The SEC has adopted amendments to the Investment Advisers Act to improve the quality of information that is provided to investors and to enhance the SEC’s ability to monitor and regulate the asset management industry (Release No. IA-4509, August 25, 2016). In a news release announcing the adoption of the rules, Chair Mary Jo White said the information will give investors and the SEC a better understanding of the risk profile of each adviser and the industry as a whole. Among the new requirements are additional calculations with respect to performance information that will help the examination staff evaluate claims by advisers which may reduce the likelihood of presenting misleading or fraudulent advertising. The amendments will become effective 60 days after publication in the Federal Register, but the compliance date is October 1, 2017 to provide time for FINRA to reprogram the investor adviser registration database, known as IARD.
The SEC proposed the revisions on May 20, 2015. The amendments to Part 1A of Form ADV will fill what the SEC saw as information gaps relating to separately managed accounts; permit private fund adviser entities operating a single advisory business to register using a single Form ADV, known as umbrella registration; and clarify certain items and instructions. The amendments to Rule 204-2, the books and records rule, will require advisers to document and maintain their performance calculations or rates of return that appear in any of their written communications. The final rules also remove certain transition provisions that were adopted with previous rulemaking initiatives but are no longer necessary.
The SEC received 50 comment letters in response to its proposal, most of which were generally favorable, and the majority of which addressed the reporting of separately managed accounts and umbrella registration. The final rules reflect a number of modifications in response to commenters’ concerns.
Modifications. Advisers will be required to report the approximate percentage of separately managed account regulatory assets under management that are invested in 12 broad asset categories, rather than 10 as originally proposed. The scope of information to be reported has been narrowed, as has the frequency of reporting, from the original proposal. Advisers will be able to use their own consistently applied methodologies to select asset classes. Advisers may not look through investments and funds to the underlying asset type because the SEC wants to see the extent to which separately managed account assets are invested in funds as well as other types of investments.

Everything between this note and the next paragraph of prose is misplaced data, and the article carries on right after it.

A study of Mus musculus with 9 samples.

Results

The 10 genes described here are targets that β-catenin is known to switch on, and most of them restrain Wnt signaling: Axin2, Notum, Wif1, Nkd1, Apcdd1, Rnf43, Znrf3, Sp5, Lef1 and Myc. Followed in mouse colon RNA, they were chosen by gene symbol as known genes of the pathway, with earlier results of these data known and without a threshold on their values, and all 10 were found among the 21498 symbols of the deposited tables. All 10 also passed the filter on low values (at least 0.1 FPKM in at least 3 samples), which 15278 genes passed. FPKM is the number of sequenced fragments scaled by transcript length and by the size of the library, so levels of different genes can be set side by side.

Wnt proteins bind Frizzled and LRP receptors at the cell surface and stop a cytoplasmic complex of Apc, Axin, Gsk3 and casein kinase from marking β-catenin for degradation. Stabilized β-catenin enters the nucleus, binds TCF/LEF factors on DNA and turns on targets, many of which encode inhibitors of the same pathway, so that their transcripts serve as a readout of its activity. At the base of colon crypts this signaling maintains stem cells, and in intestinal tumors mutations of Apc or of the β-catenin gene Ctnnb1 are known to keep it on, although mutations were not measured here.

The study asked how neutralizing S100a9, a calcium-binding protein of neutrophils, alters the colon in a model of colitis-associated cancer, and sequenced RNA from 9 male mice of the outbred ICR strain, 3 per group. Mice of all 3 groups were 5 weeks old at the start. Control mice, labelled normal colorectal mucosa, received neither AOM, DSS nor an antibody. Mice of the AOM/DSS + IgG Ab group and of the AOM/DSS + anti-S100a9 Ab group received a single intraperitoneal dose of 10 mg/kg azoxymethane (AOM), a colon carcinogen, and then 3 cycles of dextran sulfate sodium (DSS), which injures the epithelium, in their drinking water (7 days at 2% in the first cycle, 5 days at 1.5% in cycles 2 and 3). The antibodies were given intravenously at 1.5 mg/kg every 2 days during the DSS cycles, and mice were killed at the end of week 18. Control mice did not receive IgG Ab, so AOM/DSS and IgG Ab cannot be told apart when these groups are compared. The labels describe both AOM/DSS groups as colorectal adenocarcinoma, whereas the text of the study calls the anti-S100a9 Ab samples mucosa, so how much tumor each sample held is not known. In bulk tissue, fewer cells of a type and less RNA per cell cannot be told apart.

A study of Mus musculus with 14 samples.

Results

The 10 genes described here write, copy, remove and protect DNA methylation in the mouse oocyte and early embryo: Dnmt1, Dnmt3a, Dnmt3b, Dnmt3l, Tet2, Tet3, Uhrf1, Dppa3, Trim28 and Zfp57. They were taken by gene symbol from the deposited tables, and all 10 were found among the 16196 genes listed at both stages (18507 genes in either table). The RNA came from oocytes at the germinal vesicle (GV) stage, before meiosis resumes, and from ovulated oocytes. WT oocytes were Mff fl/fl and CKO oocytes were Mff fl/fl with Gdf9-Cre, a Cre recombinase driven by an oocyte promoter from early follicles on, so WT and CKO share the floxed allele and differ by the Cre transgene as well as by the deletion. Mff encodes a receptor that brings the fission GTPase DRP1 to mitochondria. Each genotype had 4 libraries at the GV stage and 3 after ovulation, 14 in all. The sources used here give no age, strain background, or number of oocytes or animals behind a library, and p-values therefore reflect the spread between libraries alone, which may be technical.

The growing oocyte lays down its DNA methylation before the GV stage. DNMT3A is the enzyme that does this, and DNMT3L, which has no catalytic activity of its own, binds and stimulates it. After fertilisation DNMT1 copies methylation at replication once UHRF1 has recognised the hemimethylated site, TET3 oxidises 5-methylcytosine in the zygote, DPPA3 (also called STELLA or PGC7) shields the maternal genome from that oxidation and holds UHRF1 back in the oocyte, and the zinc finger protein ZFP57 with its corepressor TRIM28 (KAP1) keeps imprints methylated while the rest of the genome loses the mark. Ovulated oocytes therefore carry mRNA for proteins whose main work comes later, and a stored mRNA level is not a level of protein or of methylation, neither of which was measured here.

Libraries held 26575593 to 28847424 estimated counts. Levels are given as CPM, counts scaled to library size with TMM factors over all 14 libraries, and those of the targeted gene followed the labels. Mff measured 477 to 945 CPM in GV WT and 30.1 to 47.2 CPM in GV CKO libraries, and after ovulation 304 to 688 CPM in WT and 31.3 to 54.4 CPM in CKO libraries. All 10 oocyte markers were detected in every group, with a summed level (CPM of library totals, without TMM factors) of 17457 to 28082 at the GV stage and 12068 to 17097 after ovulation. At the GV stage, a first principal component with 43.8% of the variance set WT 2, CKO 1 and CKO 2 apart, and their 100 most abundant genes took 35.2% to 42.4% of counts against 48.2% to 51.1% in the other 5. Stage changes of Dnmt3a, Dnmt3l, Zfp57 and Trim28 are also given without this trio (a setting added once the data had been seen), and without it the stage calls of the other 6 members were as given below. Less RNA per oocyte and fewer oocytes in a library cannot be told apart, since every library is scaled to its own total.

The final rule raises the minimum threshold from $150 million to $500 million for reporting the amount of separately managed account regulatory assets under management and the dollar amount of borrowings attributable to those assets that correspond to three levels of gross national exposures rather than four levels as proposed. The final rule also bases the reporting of borrowings and derivatives on regulatory assets under management in separately managed accounts, rather than net asset value as proposed. In addition, the final rule was revised to address concerns about confidentiality, including the disclosure of ranges of advisory clients rather than a specific number.
Umbrella registration. With respect to umbrella registration, the release notes that it is not mandatory, but it will simplify the registration requirements for private fund advisers that operate a single advisory business through multiple legal entities. The conditions under which umbrella registration is available are the same as those in the staff guidance that many advisers have relied upon since 2012. Umbrella registration does not extend to non-U.S. filing advisers or to exempt reporting advisers as some commenters had urged.